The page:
MANUFACTURER(S): State Arsenals - Soviet Union
WEIGHT: 1 Tons (560 kilograms; 1,235 pounds)
ENGINE: None. This is a towed artillery piece.
RANGE: 3 miles (4 kilometers)
Detailing the development and operational history of the 45mm Model 1937 (53-K) Towed Anti-Tank Gun.
Entry last updated on 11/5/2018.
Authored by Staff Writer. Content ©www.MilitaryFactory.com.
During its modernization initiative of the 1930s, the Soviet Army purchased a batch of the German Rheinmetall 37mm Anti-Tank Gun and adopted it as the Model 1930. After closer examination of the system, Soviet engineers began work on a modified form to better suit local requirements and this included installation of new sights as well as an enlargement of the original caliber to 45mm. Wire-spoked wheels were introduced and the weapon adopted as the "Model 1932". In the latter half of the decade, additional work begat the more modern "Model 1937" which carried the product designation of "53-K". Some would see action in the Spanish Civil War.
The guns retained much of their original German work including the two-wheeled carriage unit and mounting hardware. The recoil mechanism was integral to the barrel action and loading was through the breech. A small gunshield protected the crew to an extent. The tow arms allowed for the weapon to be dug into positions to help counter recoil effects while also double as the arms required to haul the system by way of mover vehicle. Combat weight was around 936lbs and the barrel measured 46 calibers long (L/46). The mounting hardware for the gun tube held an elevation span of -5 to +25 degrees with traversal of +60 degrees from center.
Two types of 45x310mmR ammunition were generally employed - Armor-Piercing (AP) and High-Explosive (HE). The AP round was the principle armor-defeating projectile adn weighed 3.1lbs. The HE projectile, suitable for engaging enemy infantry, structures, and "soft" targets, was a 4.7lb alternative. Muzzle velocities varied between the two ammunition types - 2,533 feet per second for AP rounds and 1,133 feet per second for the HE rounds. Effective range was out to 62,650 feet with HE rounds while the AP round could penetrate armor up to 1.4 inches thick at 60-degrees. As a field gun, the Model 1937 required line-of-sight with the target in question.
Form the Soviet Army's initial foray into Poland came its committed to the "Winter War" against neighboring Finland from late-November 1939 to mid-March 1940. The bloody actions saw the Soviets suffer terrible, humiliating defeats (323,000 casualties to 70,000 Finns) in several of the campaigns though the damage was done and the invaders came away with critical territory taken from the Finns. During the fighting, large stocks of Model 1937 guns fell to the Finns who used them against their attackers without remorse. The Model 1937 gave good service in the conflict though the Soviets were lulled into a false sense of its success as the Finns did not field notable armored vehicles beyond some light-class forms.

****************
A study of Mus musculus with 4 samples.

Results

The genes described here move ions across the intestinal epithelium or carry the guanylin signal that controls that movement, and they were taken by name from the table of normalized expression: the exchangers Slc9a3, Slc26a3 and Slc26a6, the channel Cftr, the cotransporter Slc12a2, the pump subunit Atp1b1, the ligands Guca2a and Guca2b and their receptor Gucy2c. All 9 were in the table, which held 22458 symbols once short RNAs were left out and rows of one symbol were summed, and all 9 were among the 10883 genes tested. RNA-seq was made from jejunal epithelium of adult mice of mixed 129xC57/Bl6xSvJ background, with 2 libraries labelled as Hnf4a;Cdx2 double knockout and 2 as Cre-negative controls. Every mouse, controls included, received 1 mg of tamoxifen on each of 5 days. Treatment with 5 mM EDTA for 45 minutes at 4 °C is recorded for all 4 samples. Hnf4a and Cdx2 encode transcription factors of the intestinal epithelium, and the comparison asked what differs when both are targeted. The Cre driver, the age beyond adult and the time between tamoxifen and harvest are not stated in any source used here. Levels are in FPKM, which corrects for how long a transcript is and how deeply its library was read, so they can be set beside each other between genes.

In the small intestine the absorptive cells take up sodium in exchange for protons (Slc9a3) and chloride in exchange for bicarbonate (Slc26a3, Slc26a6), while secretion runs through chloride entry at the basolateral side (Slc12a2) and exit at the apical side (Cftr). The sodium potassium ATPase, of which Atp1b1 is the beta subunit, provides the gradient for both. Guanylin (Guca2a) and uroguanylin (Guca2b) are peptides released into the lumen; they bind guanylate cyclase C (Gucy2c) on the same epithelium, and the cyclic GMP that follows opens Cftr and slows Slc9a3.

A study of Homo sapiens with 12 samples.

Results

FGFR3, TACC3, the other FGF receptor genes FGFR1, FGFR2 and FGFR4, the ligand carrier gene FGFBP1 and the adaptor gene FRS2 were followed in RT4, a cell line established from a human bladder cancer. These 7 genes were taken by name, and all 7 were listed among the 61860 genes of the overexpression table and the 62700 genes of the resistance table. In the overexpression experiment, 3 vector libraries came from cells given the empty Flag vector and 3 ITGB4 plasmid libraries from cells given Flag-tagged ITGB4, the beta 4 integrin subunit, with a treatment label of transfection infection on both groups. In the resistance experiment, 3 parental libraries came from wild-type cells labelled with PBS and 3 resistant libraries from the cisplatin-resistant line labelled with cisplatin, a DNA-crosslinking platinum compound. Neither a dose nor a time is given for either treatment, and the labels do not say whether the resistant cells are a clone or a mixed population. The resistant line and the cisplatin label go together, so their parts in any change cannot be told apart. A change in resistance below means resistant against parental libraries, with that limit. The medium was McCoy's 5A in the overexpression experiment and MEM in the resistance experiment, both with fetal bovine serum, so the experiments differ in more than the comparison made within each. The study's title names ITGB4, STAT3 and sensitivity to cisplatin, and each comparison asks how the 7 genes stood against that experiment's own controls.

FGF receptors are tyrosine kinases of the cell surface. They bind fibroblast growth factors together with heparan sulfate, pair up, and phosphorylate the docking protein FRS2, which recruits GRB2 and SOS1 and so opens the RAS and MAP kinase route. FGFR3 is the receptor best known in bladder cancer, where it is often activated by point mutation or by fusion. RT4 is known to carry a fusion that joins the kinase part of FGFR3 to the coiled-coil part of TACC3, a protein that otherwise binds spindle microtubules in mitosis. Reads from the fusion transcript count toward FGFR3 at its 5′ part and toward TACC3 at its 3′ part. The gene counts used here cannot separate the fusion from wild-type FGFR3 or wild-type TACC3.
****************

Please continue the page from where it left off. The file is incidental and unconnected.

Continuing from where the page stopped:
By the time of the German invasion of the Soviet Union in June of 1941 (Operation Barbarossa), the Model 1937 was a standardized 37mm AT gun in Army service and available in great number. The loss of industrial centers certainly pressed the defenders hard and 45mm AT guns were produced as quickly as possible out of desperation. The caliber was soon found wanting against the newer generation of German Panzer tanks - the Panzer III and Panzer IV medium series - which held considerably better armor protection than the original Panzer I and Panzer II light types. This then led to additional work to produce a better end-product which became the Model 1942 AT gun and its lengthened gun tube, pressed-steel wheels, and longer trail legs. The longer barrel aided in penetration values by way of increased muzzle velocity. Despite the reduced effectiveness of such guns on the whole, the 45mm caliber was retained in this new iteration for the sheer simplicity of mass production - any anti-tank measure was better than none it seems. Eventually, Soviet forces restocked with the larger 57mm and, ultimately, 76.2mm caliber AT gun types though the 45mm versions still remained in service throughout the remaining war years in the tens of thousands.
Production of Model 1937 guns spanned from 1937 to 1943 to which 37,354 were produced out of Soviet factories. The gun tube also made up the armament of the "21-K" Anti-Aircraft Gun system for the Soviet Navy from 1934 onwards. Its low rate-of-fire meant that the weapon retained only marginal usefulness in the role where fast-firing was a key quality.